Baltimore State’s Attorney Marilyn Mosby, who brought charges against the officers linked to the death of Freddie Gray in 2015, was indicted on federal charges of perjury and mortgage fraud on Thursday (Jan. 13), the Associated Press reported.
A federal grand jury indicted Mosby on four counts, accusing her of lying on mortgage applications to purchase two vacation homes in Florida, and claiming hardship due to coronavirus to get a premature withdrawal from her retirement savings to buy the homes. According to the criminal indictment, federal prosecutors also say she hid a tax debt on a mortgage loan application, and agreed to rent out a home in Florida, despite promising not to rent the property in order to get a lower interest rate.
The charges come as an election for a third term in June approaches. Federal prosecutors issued subpoenas for several financial records from Mosby and her husband Nick Mosby, who is Baltimore City Council president, according to the Baltimore Sun. Nick Mosby has not been charged with any wrongdoing.
“We will fight these charges vigorously, and I remain confident that once all the evidence is presented, that she will prevail against these bogus charges — charges that are rooted in personal, political and racial animus five months from her election,” Mosby’s attorney A. Scott Bolden said in a statement.
Mosby, 41, was sworn into office in 2015, becoming the youngest top prosecutor in the U.S. at the time. She was reelected in 2018 and restructured her agency to focus on community through a Community Engagement Unit, placing an emphasis on roles that would help residents with cases that were related to their neighborhoods. But the case that brought her national notoriety was the death of Freddie Gray.
In 2015, Mosby charged six police officers with several crimes including second-degree murder and involuntary manslaughter after Gray, 25, died seven days after sustaining injuries while being transported in a police van after an arrest. As a result, the city of Baltimore saw several days of unrest as residents demanded accountability from police.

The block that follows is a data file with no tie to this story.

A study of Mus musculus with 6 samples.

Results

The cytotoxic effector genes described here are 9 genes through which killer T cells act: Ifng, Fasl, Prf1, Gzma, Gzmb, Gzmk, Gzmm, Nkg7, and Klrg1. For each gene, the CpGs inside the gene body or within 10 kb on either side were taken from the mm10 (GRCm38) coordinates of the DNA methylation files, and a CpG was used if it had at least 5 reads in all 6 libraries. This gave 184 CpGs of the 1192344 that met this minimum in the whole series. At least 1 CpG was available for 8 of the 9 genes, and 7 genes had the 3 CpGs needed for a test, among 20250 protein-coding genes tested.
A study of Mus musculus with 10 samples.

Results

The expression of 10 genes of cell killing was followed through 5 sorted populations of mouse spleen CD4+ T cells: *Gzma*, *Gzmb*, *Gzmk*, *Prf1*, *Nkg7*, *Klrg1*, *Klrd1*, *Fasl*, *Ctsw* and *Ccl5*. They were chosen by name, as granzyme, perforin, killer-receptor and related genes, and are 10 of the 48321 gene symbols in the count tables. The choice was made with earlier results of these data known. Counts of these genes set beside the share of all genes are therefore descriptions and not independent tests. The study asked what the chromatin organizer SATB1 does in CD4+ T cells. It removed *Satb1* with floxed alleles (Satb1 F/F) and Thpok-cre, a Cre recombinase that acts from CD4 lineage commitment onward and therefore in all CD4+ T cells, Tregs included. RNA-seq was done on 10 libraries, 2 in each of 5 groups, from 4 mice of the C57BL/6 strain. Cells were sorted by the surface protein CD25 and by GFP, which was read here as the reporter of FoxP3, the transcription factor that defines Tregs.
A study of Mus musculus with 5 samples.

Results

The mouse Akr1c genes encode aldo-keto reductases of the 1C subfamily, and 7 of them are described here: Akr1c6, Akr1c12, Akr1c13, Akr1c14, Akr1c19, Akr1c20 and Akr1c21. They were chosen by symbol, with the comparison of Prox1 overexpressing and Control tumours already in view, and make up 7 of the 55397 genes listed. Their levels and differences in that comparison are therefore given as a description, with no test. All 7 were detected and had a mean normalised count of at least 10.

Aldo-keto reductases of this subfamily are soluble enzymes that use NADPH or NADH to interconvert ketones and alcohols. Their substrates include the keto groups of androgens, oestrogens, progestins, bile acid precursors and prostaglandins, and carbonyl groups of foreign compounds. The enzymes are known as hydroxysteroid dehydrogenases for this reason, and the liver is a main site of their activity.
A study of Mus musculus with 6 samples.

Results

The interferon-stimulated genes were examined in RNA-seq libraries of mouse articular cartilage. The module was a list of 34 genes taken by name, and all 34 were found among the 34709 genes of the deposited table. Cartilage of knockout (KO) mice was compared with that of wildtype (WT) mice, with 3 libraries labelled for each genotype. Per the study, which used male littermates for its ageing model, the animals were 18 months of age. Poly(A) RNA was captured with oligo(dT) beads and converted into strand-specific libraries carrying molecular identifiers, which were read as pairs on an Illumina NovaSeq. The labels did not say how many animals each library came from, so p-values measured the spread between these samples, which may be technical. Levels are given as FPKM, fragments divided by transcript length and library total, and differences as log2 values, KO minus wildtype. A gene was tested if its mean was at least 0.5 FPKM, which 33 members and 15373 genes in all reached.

The officers were tried separately which ultimately resulted either in acquittals or dropped charges along with criticism that Mosby did not have probable cause to charge them. Five of the six officers filed suit against her, accusing her of malicious prosecution but despite these misgivings, Mosby defended her actions.
Supporters of Mosby say that federal prosecutors are targeting her unfairly and that Black prosecutors are often placed under a magnifying glass – more so than their white counterparts.
“Every elected official should be investigated when it comes to criminality, corruption and ethical lapses” said civil rights attorney Benjamin Crump who in December called for an end to the federal investigation against Mosby, according to the Sun. “However, it is well documented that Black lawmakers and politicians are disparately targeted, investigated and probed.”
The perjury counts against Mosby could result in a maximum sentence of five years in prison while the mortgage counts could carry up to 30 years behind bars.